Saturday, May 3, 2008

Not So Young Australians

A friend was inventorying his cellar and decided it was time to open some Australian Shiraz wines that he had squirreled away and feared might be passing their peak. We planned a brief meal of a sausage and grape appetizer, a coupe of cheese plates, and a grill roasted pork with some side dishes. We began tasting in the late afternoon and finished with the meal after watching the Kentucky Derby on television. That gave four of us the opportunity to taste the wines over a five hour period. They did change with breathing time, and my preferred order changed somewhat. The bottom line, of the six wines there was only one that I felt was at its peak. The others had plenty of life left in them.

The wines in my order of preference:

1994 St. Hallett Old Block, Barossa Valley. My initial favorite and it stayed there. Lighter in color but with a nose of mature fruit, especially blueberries and plums, but red plums instead of the darker varieties. Much fuller body than the color predicted . Good acidity and a nice long finish with just a touch of soft tannin at the end. Elegant wine that was totally balanced and was perfect with the sausage and grape appetizer and with the pork. Very much an old world type wine and one that I would love to drink again. For a 14 year old wine it was in great shape. It was also the favorite of the group. 13% alcohol.

1998 Kilikanoon Oracle, Clare Valley. Much darker color and a more restrained nose. Dark fruit, mostly black plums and berries. Full bodied with a long finish that left just the right amount of tannin and acid on the back of your tongue to make you eager for the next sip. The wine was a little closed at the start but it opened up nicely over the course of the evening. After three hours the nose became much more giving and the fruit just bloomed. I originally had it in third place, but once it began to blossom it quickly jumped ahead. The best part is that I have a bottle of this wine in the cellar. I will hold it for a couple of years. A very nice wine. 13.5% alcohol.

2001 Brooksland Valley Verse 1, Margaret River. Nose of light leather and dirt with some fruit peaking through. Very tight and restrained. Had the second most tannin of any of the wines, but there was enough depth of fruit to compensate. Plums and blackberries and almost a hint of cedar in the taste. I originally had this wine fifth but it opened and changed more than any of the wines over the course of the tasting. At the end the fruit was coming forward and the tannins were receding. Great with the roast pork. 14% alcohol.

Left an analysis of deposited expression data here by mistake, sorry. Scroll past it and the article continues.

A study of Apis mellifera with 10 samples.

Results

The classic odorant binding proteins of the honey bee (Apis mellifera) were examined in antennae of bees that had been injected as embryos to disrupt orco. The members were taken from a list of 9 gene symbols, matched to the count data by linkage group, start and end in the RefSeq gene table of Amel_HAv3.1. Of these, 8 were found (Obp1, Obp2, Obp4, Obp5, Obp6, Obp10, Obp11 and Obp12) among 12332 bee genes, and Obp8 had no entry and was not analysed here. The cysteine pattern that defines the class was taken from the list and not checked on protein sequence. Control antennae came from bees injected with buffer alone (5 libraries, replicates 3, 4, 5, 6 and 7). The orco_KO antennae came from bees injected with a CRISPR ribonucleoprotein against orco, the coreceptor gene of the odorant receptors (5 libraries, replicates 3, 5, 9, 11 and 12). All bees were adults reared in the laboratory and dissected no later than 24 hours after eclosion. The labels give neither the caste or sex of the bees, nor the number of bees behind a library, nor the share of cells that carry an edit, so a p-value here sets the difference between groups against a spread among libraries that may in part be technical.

1998 Larrikin, Barossa Valley. Very fresh fruit on the nose, and it was almost candy like in its sweetness. The second darkest wine of the group, but the lowest in acid. Blueberries and some currants on the taste and just a touch of earth on the finish. A very nice, drinkable wine but not the equal to the first three. 14% alcohol.

2002 Reilly's Stolen Block, Clare Valley. A huge wine full of fruit and tannin. Huge body, almost syrupy in the mouth-feel. Black plums bordering on prunes in the taste. Decent acidity. The wine was loaded with tannin. Still, it was balanced and did not over power the food. Definitely a wine to put away for five years and try again. I have two bottles of this wine in the cellar and that's where they will stay. 15.5% alcohol

1997 Rosabrook Abattoir Block, Margaret River. Certainly the most interesting wine of the day and the most different. It all began with the nose. Wet, dark dirt and horse manure was about all that was coming through. "Earthy" would be an understatement. After swirling I could get wet leather out of the nose as well as some herbs (thyme primarily). What I couldn't get was much fruit. On the first sip all I got was tannin, tannin and more tannin with a healthy shot of acid at the end. I finally decided this wine was tainted with brettanomyces, but there were other interesting kind of earthiness going on also. Over the course of the evening this wine finally showed some plums and berries, but the wet dirt and damp leather remained, as did those tannins. This was not a wine that I disliked, but it is one that probably needed 24 hours in the decanter to show its true colors or we needed a second bottle not tainted by brett. A totally fascinating and thought provoking wine. 14.5% alcohol.

In summary, there were two exceptional wines, three very nice wines and one enigma. For wines that were supposedly at their peak they showed more youth than I expected. This was a very fun and enlightening evening.


Edward said...


The rosabrook sounds brett tainted, though earth is one of the so called markers of margaret river shiraz.

I tend to find the really rank smelly wines fascinating, often keeping them for days just to imprint the smell on my brain!

Dan McGrew said...

Not much question that it was tainted with brett.

It certainly was the most interesting wine to me, not because it was good but because it was such a good example of a flawed wine. When I run across a wine that is this good of an example I always re-read the article Jamie Goode wrote about brett to reconfirm my thoughts

Surprisingly it was the second favorite of one of the tasters who just loved that earth and wet leather smell.